The Pros and Cons of Centralized Vs. Federated IT Organizational Model..any views?


Seems that these days anyway the pendulum has swung clearly in the direction of greater centralization. I think security in the face of very real and persistent threats has a lot to do with it, as well as some sense the costs (CAPEX) can be better contained or managed in a centralized environment. But additionally, I think that the centralized models today particularly around desktop virtualization gives IT the control it needs while still giving users a vast degree of self-selection and independence. In other words, they don't feel necessarily like they are under central 'control'. I think it makes more sense.

John Dodge 1534 Points | Wed, 08/10/2011 - 16:03

In some ways, consumerization makes us federated by default!

Jerry Bishop 100 Points | Tue, 08/09/2011 - 22:21

Love this question and will work hard to keep it brief.

The more important question to address first is which one can you make work in your organization? Generically each model and the others, have advantages and disadvantages as with almost anything. But which one is right for any organization depends on organization specific factors.

The second important issue is to consider or maybe the right word is realize that how you organize your IT function is not necessarily the same as your service model. In fact you can have it both ways. Infrastructure centralized and customer facing functions like applications decentralized like in a shared services model.

I used to help organizations with this very issue several years ago and was a part of moving to a federated model in a large company. I was able to find some old slides from back then that might still be useful to you in considering your options.

Other big factors that drive the debate are organizational size, nature of the business and the role IT plays in delivering the products to the market. And finally, if there is a trump card it would be culture since best practice doesn't mean a thing if you aren't supported in doing it.

Organizing_IT.ppt 503.5 KB
Pearl Zhu 90 Points | Wed, 06/29/2011 - 18:18

Hi, JIm

Great question to bring up, I think centralized IT department to deliver the solution-based IT services should be more efficent and effective: 

1. Solid IT Governace Discipline: the centralized IT could effectly build up the standard, policy, more efficently control, monitor and delegate the technology solutions to business department, to avod Shadow IT, with potiential security, reliability and management loopholes.

2. Transparent and Speed: If CIO and IT department could work closely with other business departments through the full IT solution life cyle: from selecting the products and vendors, digging into SLA, building and delivering the service, it should actually improve the service transparency and speed up the services even at today's cloud-economy.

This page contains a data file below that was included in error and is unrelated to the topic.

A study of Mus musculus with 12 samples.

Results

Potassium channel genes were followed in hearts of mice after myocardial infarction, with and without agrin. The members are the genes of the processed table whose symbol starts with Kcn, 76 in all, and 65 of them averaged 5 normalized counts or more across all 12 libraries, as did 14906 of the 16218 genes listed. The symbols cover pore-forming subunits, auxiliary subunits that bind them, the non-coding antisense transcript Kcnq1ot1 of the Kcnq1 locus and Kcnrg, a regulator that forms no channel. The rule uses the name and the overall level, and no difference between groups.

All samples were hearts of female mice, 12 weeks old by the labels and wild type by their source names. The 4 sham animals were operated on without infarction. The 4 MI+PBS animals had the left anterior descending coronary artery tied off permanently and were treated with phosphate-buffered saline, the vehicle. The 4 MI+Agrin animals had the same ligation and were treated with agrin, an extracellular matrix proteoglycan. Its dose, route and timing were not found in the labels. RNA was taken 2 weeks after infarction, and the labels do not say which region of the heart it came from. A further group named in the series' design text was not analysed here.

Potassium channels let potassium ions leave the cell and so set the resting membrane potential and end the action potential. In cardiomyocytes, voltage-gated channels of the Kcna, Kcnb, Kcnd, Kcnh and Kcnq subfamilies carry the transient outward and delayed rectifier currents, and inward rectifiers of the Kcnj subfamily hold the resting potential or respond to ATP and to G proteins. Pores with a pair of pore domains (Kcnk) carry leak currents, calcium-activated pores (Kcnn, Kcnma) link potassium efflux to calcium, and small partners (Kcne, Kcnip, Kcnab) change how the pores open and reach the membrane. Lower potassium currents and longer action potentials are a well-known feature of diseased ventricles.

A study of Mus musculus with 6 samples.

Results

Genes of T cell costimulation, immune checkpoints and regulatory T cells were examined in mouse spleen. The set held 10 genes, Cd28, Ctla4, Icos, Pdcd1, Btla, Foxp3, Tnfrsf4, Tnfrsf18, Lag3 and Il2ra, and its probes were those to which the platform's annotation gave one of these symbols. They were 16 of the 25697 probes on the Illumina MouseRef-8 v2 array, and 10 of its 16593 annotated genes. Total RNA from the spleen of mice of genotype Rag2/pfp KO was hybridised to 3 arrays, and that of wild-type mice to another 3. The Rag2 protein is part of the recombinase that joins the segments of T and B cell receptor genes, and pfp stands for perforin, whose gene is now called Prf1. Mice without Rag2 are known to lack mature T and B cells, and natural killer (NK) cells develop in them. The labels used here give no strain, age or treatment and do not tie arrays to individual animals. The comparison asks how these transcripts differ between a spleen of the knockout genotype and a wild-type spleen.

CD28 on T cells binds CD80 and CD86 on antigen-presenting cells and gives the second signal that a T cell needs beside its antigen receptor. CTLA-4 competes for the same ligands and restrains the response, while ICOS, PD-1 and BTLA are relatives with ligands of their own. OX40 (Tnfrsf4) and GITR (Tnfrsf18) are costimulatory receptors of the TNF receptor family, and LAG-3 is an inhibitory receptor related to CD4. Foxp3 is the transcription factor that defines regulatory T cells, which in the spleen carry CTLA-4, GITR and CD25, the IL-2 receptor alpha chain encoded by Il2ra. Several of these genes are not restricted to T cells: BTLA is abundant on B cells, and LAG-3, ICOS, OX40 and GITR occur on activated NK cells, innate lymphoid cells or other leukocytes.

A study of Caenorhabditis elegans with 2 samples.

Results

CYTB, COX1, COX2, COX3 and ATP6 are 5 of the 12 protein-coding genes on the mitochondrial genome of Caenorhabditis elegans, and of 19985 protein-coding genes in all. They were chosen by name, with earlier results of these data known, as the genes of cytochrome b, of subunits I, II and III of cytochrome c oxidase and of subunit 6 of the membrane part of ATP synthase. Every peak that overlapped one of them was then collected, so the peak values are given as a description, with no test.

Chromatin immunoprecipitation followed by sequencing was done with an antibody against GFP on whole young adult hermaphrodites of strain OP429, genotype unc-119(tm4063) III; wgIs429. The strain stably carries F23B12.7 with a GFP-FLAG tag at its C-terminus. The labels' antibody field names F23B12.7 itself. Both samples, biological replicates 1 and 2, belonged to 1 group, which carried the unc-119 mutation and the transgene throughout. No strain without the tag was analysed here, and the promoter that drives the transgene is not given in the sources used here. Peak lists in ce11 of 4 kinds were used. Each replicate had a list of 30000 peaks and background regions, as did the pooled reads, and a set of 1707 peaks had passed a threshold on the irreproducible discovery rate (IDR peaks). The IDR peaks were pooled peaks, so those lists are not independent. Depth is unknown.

3. Create bette innovative Synergy between busienss and IT convergence: the centralized IT could become the innovation hub or even sustainability hub (CIO may have another persona: chief sustainability officer) to overview the business efficiency and process effectiveness, expedite the strategy making via expanded lens of enterprise as a whole, even extended to customers and partners. 

Well, I also like Joe's approach below, hybrid one is always the safe bet. 



Joel Dobbs 339 Points | Wed, 06/29/2011 - 15:21



Finding the "right" IT org structure has been an ongoing discussion for as long as I have been in this business. Centralized models give the greatest control and provide the best opportunities for cost optomization. Unfortunately one can easily loose close contact with the rest of the business and become isolated and unresponsive. Totally decentralized orgs usually are highly responsive to local business needs but are horrendously inefficient.  What one generally sees is decentralization during times of prosperity and centralization when the money gets tight.  Thus the swings back and forth between structures as one goes through the business cycle.

Federated orgs are a hybrid of the two and , if done well, provide closer business alignment with better control of shared services costs.  To be successful they require very strong leadership at the CIO level.

I pulled out a few slides that I use in my consulting and teaching that illustrate the points.  I am attaching these.  Hope they are helpful.

IT Org Models2.ppt 191 KB
John Dodge 1534 Points | Wed, 06/29/2011 - 17:43

Sounds like centralized is old thinking...and that you, Joel, think federated is a peeferable approach. No?

Joel Dobbs 339 Points | Thu, 06/30/2011 - 01:41

I think that, for most large organizations, that the federated structure is best assuming that one has a strong CIO.  Weak leadership + federated structure= disaster!

Jim Lee 2 Points | Wed, 06/29/2011 - 12:18

Hi All -

what are the views around centralized Vs. federated IT organization from an application development standpoint?


John Dodge 1534 Points | Wed, 06/29/2011 - 14:05

Hi Jim,

I found a centralized v. federated blog post you might find useful. Best...JD, ECF community manager.